Friday, March 12, 2010

The Greenest Building

There is a lot of chatter at the moment about green buildings, and LEED certification, and where historic preservation fits within the very real need to reduce our energy consumption.  Unfortunately too many take this valid goal as justification to scrape any “old” building off the planet and replace it with an all new, state-of-the-art design.  Sometimes that is justified but not always, and hardly ever from the standpoint of really saving energy.
When I was in school, one of the smartest things anyone ever told me was when somebody is trying to justify an action that you question, find out what their assumptions are.  In the case of energy efficiency, people who want to raze historic structures assume that the new building will “save energy.”  How they calculate that is critical.  Typically they model the two buildings side by side…the new building is better insulated, it has more efficient windows, maybe it's sited to take advantage of solar gain.  The “old” isn’t  “See, the new LEED-gold project with bamboo flooring is much more efficient.”  And it probably is.  To operate.  

What a side-by-side comparison ignores is the reality of the standing building.  It is there.  The energy to construct it has already been expended.  All the materials have been made, carted to the site and installed.  It’s demolition will require more energy to remove, to haul debris away, filling the landfill.  The other day, as is typical, somebody told me that restoring a historic building wasn’t practical because it was too expensive to abate all the hazardous materials (mostly asbestos floor tile and pipe wrap).  Instead of restoring it would be “cheaper” to raze the building, they said.  I pointed out that you still have to abate hazardous materials before you demolished, so you really weren’t saving that money.  And, of course, you aren’t.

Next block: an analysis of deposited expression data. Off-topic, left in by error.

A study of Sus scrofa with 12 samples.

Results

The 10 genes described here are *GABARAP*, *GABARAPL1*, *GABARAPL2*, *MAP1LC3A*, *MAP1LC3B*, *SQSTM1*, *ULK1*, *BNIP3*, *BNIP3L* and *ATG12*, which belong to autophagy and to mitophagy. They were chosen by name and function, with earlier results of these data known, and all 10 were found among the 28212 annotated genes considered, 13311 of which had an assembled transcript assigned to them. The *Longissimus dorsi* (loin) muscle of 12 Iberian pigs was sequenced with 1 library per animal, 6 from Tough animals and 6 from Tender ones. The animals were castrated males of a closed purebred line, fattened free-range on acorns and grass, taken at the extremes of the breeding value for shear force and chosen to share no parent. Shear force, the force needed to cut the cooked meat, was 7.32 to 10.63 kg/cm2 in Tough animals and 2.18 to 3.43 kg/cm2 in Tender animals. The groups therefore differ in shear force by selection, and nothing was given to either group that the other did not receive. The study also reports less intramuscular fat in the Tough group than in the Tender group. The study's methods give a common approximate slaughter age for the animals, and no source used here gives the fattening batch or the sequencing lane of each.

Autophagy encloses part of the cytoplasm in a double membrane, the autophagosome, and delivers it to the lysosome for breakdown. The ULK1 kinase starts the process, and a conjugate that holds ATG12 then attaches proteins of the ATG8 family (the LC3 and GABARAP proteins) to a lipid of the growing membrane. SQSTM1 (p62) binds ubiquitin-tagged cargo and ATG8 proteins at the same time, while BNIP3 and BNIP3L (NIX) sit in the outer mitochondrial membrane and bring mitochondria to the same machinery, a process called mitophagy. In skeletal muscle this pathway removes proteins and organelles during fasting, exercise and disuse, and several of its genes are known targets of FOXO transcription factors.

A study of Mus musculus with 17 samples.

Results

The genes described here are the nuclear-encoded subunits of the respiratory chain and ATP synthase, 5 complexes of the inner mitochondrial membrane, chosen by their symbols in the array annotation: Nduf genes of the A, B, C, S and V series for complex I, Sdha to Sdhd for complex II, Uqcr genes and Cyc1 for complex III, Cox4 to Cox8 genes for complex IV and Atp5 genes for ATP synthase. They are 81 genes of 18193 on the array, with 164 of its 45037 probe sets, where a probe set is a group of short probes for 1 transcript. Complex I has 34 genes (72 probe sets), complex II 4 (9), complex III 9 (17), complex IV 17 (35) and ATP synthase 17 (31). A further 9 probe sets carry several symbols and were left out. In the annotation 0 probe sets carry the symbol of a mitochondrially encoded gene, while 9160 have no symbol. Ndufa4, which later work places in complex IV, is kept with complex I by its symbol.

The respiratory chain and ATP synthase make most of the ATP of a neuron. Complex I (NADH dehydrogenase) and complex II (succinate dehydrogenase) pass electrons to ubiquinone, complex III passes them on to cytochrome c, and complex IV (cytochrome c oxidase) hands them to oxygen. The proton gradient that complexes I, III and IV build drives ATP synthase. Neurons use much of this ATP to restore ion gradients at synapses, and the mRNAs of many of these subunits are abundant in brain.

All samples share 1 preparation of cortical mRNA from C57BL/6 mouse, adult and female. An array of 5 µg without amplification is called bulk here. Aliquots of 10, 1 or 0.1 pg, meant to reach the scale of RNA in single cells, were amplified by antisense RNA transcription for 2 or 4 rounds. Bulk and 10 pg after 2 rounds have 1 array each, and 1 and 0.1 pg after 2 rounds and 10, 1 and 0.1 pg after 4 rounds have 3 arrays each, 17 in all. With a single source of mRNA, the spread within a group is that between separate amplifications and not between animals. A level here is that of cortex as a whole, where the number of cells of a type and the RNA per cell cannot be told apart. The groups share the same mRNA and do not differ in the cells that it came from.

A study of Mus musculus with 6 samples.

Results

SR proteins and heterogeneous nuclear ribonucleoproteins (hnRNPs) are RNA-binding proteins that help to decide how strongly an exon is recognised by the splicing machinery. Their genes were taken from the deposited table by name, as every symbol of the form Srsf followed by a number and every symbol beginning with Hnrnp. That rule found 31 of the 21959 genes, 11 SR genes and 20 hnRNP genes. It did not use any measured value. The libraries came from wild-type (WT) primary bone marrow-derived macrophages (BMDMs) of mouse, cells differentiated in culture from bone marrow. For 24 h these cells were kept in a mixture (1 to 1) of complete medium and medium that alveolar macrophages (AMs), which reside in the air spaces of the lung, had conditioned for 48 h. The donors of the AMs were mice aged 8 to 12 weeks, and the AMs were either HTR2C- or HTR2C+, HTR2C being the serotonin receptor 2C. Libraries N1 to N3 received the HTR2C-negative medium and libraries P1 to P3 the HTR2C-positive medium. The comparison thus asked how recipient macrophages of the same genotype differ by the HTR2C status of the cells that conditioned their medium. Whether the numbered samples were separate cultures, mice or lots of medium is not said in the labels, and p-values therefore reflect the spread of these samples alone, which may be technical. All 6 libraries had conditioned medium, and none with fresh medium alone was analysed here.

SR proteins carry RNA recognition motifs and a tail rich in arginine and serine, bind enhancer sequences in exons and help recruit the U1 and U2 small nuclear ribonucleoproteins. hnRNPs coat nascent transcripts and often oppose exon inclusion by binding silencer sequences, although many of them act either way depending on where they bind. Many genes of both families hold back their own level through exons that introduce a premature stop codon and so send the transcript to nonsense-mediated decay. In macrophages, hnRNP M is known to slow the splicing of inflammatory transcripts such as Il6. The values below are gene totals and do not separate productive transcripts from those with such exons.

If you consider “embodied energy” (not the energy to operate), the greenest building is ALWAYS the most efficient structure around because that energy has already been expended.  And there is a LOT of embodied energy in a typical building.  The Advisory Council on Historic Preservation (a Federal regulatory agency) calculates that the amount of embodied energy in a 50,000 square foot commercial building is 80 billion BTUs, the energy equivalent of 640,000 gallons of gasoline.  Tearing that building down, carting it to the landfill, and building a new structure of the same size, even the most efficient, green, LEED Gold with clusters  and unicorns, design will still release as much new CO2 into the atmosphere as driving a car to the moon and back.  Every day. For a month.

Back to operation, as a result of the embodied energy already in a standing building, even the most efficient new structure won't really save energy over an existing one for a long time.  Fifty years long time.  So if you REALLY want to be green and reduce operating costs too, invest in upgrading your existing building.  Improve the heating and cooling.  Insulate. Weatherstrip and caulk to reduce heat loss.  But don’t tear it down and start over.  Or at least don’t claim you are doing so to save any energy. You’re not.  Reuse is always more energy efficient than even the best recycling or the best designed new building.  It’s just a fact.
Check out this great site for more information on The Greenest Building (is the one that is already built).